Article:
In previous posts we saw some 10th-11th century Kashmiri-style sculptures made in Western Tibet and easily identifiable thanks to the crown, garland, large lotus etc. The image above belongs to a different group of early sculptures made in the West-Tibetan area. Usually made of brass, they have a doll-like appearance, with stiff tubular legs and arms, oversized hands and unrealistic body proportions, a low tiara and an exaggeratedly tall chignon topped with a finial. This Avalokiteshvara holds a large six-petal lotus with a copper stem in his left hand, a bottle/pot of water is hanging from the other. He is adorned with large hoops, a necklace with three leaves, simple armbands and bracelets, and wears knee-length dhoti (with rolled up hems) decorated with a stippled floral motif and held in place with a belt and a sash that sticks out rigidly on each side. As is often the case, the base on which he stood is missing.
Undated, Western Tibet, Avalokiteshvara, brass, private collection, published on Himalayan Art Resources.
This one wears a festooned belt, a short necklace and a longer one with three small pendants, armbands, plain bangles. There is a lotus attached to his left arm and foliage attached to his right arm.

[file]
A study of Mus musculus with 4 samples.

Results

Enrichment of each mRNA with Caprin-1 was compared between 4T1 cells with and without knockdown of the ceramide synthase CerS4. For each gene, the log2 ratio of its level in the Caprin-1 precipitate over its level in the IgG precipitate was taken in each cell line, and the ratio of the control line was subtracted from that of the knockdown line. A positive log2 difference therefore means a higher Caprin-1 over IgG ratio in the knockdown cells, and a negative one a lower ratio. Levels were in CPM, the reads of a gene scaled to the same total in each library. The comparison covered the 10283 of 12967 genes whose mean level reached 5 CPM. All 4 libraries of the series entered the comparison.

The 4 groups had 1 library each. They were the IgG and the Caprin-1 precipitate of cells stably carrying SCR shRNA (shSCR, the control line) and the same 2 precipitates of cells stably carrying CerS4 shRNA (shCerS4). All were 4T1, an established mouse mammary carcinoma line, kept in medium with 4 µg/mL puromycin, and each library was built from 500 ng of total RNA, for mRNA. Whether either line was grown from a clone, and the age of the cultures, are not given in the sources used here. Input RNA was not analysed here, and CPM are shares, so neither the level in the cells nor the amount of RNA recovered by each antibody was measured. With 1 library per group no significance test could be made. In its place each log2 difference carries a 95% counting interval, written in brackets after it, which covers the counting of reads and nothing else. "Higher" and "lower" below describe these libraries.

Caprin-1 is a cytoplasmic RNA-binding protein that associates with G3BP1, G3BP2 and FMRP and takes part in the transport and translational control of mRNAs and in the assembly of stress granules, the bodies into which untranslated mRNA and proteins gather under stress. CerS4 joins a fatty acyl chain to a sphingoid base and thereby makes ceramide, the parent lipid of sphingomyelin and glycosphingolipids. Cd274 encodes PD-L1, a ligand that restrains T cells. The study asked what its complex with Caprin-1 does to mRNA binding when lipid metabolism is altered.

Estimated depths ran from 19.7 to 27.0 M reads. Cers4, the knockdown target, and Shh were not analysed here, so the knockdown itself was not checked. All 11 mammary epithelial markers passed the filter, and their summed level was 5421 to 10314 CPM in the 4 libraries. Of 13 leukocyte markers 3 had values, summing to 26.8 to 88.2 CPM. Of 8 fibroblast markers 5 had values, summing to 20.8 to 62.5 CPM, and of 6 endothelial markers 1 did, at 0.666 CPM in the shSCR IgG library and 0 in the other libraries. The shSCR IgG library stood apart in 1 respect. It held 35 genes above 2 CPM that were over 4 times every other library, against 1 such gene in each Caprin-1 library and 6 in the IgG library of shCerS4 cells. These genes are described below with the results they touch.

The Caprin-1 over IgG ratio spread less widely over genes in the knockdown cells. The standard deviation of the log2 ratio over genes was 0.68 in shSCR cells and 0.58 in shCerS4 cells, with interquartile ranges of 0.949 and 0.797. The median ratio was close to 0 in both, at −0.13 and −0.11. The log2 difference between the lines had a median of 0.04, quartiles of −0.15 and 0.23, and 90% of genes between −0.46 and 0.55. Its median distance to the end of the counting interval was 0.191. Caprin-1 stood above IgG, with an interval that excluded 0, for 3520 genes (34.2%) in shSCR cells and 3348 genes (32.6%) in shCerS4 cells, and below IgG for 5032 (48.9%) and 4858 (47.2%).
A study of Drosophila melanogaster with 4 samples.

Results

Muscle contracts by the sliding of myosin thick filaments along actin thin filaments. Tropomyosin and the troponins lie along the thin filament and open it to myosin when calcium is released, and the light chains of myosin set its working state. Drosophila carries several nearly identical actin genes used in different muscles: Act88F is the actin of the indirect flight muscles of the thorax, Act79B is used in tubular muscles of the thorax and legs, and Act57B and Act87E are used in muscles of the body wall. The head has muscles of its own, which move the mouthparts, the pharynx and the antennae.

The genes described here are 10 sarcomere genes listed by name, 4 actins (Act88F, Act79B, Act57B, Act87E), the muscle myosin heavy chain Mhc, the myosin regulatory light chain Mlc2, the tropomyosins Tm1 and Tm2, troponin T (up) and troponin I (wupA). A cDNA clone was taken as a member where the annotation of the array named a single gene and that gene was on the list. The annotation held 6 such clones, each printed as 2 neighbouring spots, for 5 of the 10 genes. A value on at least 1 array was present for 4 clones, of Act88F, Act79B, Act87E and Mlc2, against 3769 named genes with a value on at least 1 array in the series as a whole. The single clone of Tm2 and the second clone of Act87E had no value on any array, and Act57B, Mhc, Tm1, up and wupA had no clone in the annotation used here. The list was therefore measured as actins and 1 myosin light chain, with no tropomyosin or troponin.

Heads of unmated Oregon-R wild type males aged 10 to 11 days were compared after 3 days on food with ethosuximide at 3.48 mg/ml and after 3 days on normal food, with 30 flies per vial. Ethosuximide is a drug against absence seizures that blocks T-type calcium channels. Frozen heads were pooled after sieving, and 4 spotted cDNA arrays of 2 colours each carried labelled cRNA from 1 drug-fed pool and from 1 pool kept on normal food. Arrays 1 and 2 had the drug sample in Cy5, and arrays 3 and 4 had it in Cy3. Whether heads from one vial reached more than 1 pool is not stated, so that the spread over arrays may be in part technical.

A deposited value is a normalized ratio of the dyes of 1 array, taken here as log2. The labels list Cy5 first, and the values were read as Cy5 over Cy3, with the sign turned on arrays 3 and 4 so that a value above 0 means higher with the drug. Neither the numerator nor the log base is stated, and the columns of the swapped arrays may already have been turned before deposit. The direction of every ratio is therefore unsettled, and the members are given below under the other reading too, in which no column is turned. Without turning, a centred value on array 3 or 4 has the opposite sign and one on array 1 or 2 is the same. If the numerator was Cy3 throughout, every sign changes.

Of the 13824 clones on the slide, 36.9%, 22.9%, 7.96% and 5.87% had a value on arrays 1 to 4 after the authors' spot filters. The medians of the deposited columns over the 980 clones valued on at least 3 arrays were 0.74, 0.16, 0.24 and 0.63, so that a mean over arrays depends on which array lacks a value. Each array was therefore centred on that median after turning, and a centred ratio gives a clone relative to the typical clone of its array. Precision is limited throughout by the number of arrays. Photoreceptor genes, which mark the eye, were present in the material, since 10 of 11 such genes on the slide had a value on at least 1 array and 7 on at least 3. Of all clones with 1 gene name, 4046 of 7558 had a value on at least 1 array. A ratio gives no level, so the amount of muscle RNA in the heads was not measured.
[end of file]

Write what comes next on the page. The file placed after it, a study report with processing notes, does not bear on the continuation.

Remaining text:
Although his lotus is broken, this figure standing on a single-lotus base is likely to be Avalokiteshvara Padmapani because of the similarity with other such sculptures. However, he may have held a blue lotus topped with a manuscript, in which case we would be looking at Manjushri.
We saw in a previous post a sculpture of Avalokiteshvara Simhanada on a lotus base over a pedestal with stupas at the front (supported by two yakshas) dated 11th-12th century. This one still has the upper part of the stupas with the sun and moon symbol.
Again, Avalokiteshvara holds a pot of water in his right hand and the stem of a lotus in the other. There is a thick sacred thread zig-zagging across his chest and thighs. His dhoti, with rolled up hems, is longer on one side and held in place with a sash that sticks out stiffly. His low crown is decorated with side bows and swirling ribbons.
This Avalokiteshvara Padmapani has an antelope skin over his shoulders and knotted at the front. He also wears a sacred thread, a short dhoti held in place with a belt, plain jewellery, a low tiara with upward flying ribbons. There is a pot of water in his right hand. He holds the stem of a very large 8-petal lotus flower in his left hand.